Health officials are concerned over doctors offering potentially fraudulent COVID-19 vaccine exemptions.
EnableAir.com was apparently a Kelowna-based website offering vaccine exemptions, although it has since taken down that promise.
Dr. Jeffrey Eppler, an emergency physician at Kelowna General Hospital, said she is disappointed that possibly fake vaccine exemption letters are being issued.
“I think it’s fairly deplorable,” he said. “For a physician to basically issue these certificates based on, I think, probably not very strong medical exemptions is almost fraudulent in my opinion.”
Provincial health officer Dr. Bonnie Henry said officials are investigating the allegations.
“Yes, I’ve seen a number of the so-called certificates from a number of physicians, and yes, the college has the responsibility as the regulatory authority to reach out and take action,” she said.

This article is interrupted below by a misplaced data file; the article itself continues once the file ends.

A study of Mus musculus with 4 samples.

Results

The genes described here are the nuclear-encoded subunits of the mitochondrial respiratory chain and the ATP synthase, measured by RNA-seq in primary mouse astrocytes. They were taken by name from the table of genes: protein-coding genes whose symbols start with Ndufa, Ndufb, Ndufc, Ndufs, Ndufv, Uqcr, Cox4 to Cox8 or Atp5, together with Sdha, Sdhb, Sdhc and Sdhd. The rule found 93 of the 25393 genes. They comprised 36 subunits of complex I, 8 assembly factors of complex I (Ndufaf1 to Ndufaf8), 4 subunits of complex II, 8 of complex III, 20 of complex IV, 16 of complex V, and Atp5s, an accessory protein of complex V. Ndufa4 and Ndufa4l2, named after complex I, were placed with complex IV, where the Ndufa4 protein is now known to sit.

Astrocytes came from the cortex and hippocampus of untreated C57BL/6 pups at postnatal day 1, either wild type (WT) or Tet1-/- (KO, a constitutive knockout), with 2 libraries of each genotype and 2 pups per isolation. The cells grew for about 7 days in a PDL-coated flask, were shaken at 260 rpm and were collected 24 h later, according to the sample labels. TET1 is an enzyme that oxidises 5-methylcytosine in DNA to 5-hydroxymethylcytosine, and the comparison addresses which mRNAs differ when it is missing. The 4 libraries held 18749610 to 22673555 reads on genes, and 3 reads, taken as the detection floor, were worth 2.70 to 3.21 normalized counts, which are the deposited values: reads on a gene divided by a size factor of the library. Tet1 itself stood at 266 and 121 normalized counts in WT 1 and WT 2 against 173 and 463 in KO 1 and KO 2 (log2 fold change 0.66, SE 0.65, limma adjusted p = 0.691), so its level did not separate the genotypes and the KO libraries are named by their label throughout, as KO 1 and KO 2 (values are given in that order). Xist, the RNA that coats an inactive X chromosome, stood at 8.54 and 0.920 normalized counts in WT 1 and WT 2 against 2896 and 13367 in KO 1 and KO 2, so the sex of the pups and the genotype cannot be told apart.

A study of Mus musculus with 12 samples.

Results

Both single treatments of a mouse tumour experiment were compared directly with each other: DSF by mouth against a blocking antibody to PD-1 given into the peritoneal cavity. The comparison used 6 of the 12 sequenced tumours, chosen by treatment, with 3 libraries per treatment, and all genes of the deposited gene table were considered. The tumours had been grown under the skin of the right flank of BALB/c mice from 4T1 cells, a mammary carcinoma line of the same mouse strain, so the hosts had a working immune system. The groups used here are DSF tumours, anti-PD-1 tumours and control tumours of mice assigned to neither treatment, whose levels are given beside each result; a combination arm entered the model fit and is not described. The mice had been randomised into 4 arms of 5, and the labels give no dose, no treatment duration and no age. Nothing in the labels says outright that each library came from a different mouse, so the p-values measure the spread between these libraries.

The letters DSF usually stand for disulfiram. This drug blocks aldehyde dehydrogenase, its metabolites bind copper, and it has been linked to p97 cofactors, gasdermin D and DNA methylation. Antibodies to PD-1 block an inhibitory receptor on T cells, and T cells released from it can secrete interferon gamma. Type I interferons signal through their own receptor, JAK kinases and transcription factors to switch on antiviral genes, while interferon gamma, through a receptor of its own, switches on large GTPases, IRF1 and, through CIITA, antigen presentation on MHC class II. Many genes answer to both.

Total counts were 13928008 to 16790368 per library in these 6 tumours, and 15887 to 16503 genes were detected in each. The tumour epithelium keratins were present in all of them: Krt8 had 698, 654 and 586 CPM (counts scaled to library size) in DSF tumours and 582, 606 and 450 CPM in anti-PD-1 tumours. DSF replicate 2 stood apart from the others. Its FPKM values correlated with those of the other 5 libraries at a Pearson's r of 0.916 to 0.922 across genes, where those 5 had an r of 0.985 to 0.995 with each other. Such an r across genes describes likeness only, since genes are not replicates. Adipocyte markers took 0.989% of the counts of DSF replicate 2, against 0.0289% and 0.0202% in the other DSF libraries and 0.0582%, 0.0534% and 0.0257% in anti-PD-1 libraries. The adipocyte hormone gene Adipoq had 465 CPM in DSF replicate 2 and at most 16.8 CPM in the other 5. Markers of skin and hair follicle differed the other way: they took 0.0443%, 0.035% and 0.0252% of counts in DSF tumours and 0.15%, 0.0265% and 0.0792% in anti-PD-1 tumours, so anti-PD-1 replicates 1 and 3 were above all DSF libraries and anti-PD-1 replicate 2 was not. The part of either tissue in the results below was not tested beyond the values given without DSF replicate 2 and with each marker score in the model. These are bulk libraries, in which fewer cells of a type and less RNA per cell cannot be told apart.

B.C.’s College of Physicians and Surgeons confirms that they have received reports of illegitimate vaccine exemption and deferral letters being used by British Columbians who don’t have a vaccine card.
There are very few, mostly temporary, valid reasons for a medical deferral.
Henry said “We’ve put out guidance for physicians on what constitutes a valid medical exemption and what constitutes fraud, to be frank.”
Global news explained that “some of the reasons include anaphylaxis confirmed by an allergist to certain ingredients that are in both kinds of vaccines, a diagnosis of multisystem inflammatory syndrome, or a patient who had a serious adverse reaction to the first dose of the vaccine and is still waiting for a recommendation from a medical health officer.”
Vaccine exemption or deferrals can only be given out by physicians licensed by B.C.’s College of Physicians and Surgeons or nurse practitioners licensed by the B.C. College of Nurses and Midwives.
The exemption/deferrals must state the patient’s full name and the issuing physician’s name and signature.
This article was originally sourced by Global News.